Every 25 minutes, a drug-addicted baby is born in the U.S.
To try to protect the youngest victims of the nation's opioid epidemic, Tennessee enacted a law that sent new mothers to jail for substance abuse, while other states employ existing child-abuse laws to punish prenatal drug users and remove their children.
But sanctions have backfired, serving only to drive pregnant women away from necessary prenatal care and substance-use treatment, pediatricians say in three new papers.
In one, published this week in Pediatrics, the American Academy of Pediatrics exhorts policymakers to support a public health approach - rather than a criminal justice response - to opioid use in pregnancy.
"I don't think these laws are in the best interests of moms or babies," Dr. Stephen Patrick, lead author of the report in Pediatrics, said in an interview. "Opioid-use disorder is a medical problem and not a moral failing."
Patrick is a professor at Vanderbilt University School of Medicine in Nashville, Tennessee, where he treats infants suffering withdrawal from opioids.
Instead of jail, he called for improved access to long-term contraceptives and substance-treatment programs designed to care for pregnant women.
About 100 substance-using new mothers went to jail in Tennessee between 2014 and 2016 under a fetal-assault law that's no longer in effect, Patrick said.
The law incited so much fear in pregnant addicts that some refused to go to the hospital and gave birth at home, in cars or on the side of the road, he said.
Meanwhile, the number of pregnant women who use opioids and the number of babies born with withdrawal symptoms continues to rise.
Patrick estimated that as many as 440,000 substance-exposed infants are born in the U.S. every year and asserted: "We're not going to arrest 440,000."
Dr. Mary Beth Sutter, a professor at the University of New Mexico in Albuquerque, works with expectant drug addicts in her state, where prosecutors charge pregnant drug users under child-abuse laws, she said in a phone interview.
"Putting women in jail and taking their babies away to try to prevent substance abuse really isn't working," she said. "It does nothing to help these women and children, but it tends to turn them way from care."
Newborns who stay with their mothers require fewer days in the hospital, cutting the cost in half, Sutter writes in a new review in the journal Obstetrics and Gynecology Clinics of North America.
Physicians can better help drug-addicted infants when they know mothers are using illicit substances. But expectant mothers worry so much about being stigmatized, jailed and having their babies taken from them that they frequently fail to disclose drug use, Sutter writes.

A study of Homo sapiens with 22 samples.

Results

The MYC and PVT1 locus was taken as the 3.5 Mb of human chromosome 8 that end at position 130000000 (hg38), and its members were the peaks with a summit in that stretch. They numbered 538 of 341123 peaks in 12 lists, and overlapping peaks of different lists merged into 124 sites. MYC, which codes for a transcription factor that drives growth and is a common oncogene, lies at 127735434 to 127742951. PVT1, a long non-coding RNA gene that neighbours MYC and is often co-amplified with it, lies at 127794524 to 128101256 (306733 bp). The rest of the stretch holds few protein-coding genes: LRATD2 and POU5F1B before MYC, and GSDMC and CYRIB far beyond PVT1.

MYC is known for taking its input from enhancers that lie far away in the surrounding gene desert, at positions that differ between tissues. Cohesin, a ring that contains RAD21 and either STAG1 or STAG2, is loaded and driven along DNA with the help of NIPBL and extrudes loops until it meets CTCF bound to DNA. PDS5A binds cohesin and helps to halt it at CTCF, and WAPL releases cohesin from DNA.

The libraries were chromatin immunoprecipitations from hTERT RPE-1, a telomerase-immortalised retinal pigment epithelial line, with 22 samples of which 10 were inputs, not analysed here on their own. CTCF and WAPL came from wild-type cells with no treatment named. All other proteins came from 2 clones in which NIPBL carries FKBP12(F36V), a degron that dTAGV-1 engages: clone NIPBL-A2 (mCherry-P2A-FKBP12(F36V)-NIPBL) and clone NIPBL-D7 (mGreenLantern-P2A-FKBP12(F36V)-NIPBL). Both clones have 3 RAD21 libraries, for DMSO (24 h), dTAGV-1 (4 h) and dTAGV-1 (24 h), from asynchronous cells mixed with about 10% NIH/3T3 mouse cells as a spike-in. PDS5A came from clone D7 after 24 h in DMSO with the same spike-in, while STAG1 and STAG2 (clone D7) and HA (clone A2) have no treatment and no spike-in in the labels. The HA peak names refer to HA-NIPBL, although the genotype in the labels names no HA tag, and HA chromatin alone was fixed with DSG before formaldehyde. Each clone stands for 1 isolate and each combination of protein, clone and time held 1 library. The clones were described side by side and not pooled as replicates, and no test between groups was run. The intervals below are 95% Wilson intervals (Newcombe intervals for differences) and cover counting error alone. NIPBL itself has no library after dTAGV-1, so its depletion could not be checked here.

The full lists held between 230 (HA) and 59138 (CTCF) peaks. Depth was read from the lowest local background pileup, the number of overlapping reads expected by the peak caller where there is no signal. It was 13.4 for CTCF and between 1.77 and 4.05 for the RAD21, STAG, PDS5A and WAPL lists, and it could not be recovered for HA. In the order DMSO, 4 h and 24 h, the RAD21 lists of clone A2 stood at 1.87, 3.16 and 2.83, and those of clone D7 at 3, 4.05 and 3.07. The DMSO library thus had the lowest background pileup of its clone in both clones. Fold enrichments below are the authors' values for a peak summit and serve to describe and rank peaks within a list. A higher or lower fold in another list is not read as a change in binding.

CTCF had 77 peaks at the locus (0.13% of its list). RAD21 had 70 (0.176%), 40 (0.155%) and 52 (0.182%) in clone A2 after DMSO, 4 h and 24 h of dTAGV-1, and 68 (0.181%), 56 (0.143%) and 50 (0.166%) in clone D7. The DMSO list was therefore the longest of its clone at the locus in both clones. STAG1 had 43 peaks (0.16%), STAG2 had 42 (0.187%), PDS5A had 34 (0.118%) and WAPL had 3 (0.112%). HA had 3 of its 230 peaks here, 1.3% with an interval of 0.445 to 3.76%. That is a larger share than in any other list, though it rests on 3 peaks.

Carrying a baby motivates substance users to quit. "If there ever was a time when it's good to help people with substance abuse," Sutter said, "it's pregnancy."
But the demand for substance-treatment programs designed to meet the unique needs of pregnant women and their babies far outstrips their availability. Only 19 states have such programs.
New Mexico has only one in-patient treatment program with just six beds for pregnant and parenting women in the entire state, Sutter said.
Medication-assisted therapy with methadone or buprenorphine has become standard care for pregnant women with opioid-use disorder, Patrick writes. But women who fear losing custody of their babies sometimes avoid treatment so as not to raise suspicion, according to another new report in the Journal of Substance Abuse Treatment.
Psychologist Dennis Hand, a professor of obstetrics and gynecology at Thomas Jefferson University in Philadelphia, examined opioid use in pregnancy throughout the U.S. and found the problem particularly acute in the South.
Southern states have fewer drug-treatment facilities, and more women take benzodiazepines, a class of sedatives and anti-anxiety drugs, along with opioids, Hand found. The combination complicates treatment for mothers and babies.
Southern women also are less likely to have health insurance, and the South has even fewer treatment programs for pregnant women than other areas, Hand said. Tennessee does not cover methadone, and Mississippi has only one methadone clinic, compared to California, which has 138, he said.
The number of infants experiencing opioid withdrawal after birth, or neonatal abstinence syndrome, grew nearly fivefold over the past decade, Patrick writes.
Many of the mothers of newborns that Patrick and Sutter treated had no idea that taking doctor-prescribed pain relievers could lead them and their babies to addiction. Sutter said her patients frequently were prescribed opioids following car accidents, dental surgeries and cesarean sections for previous births.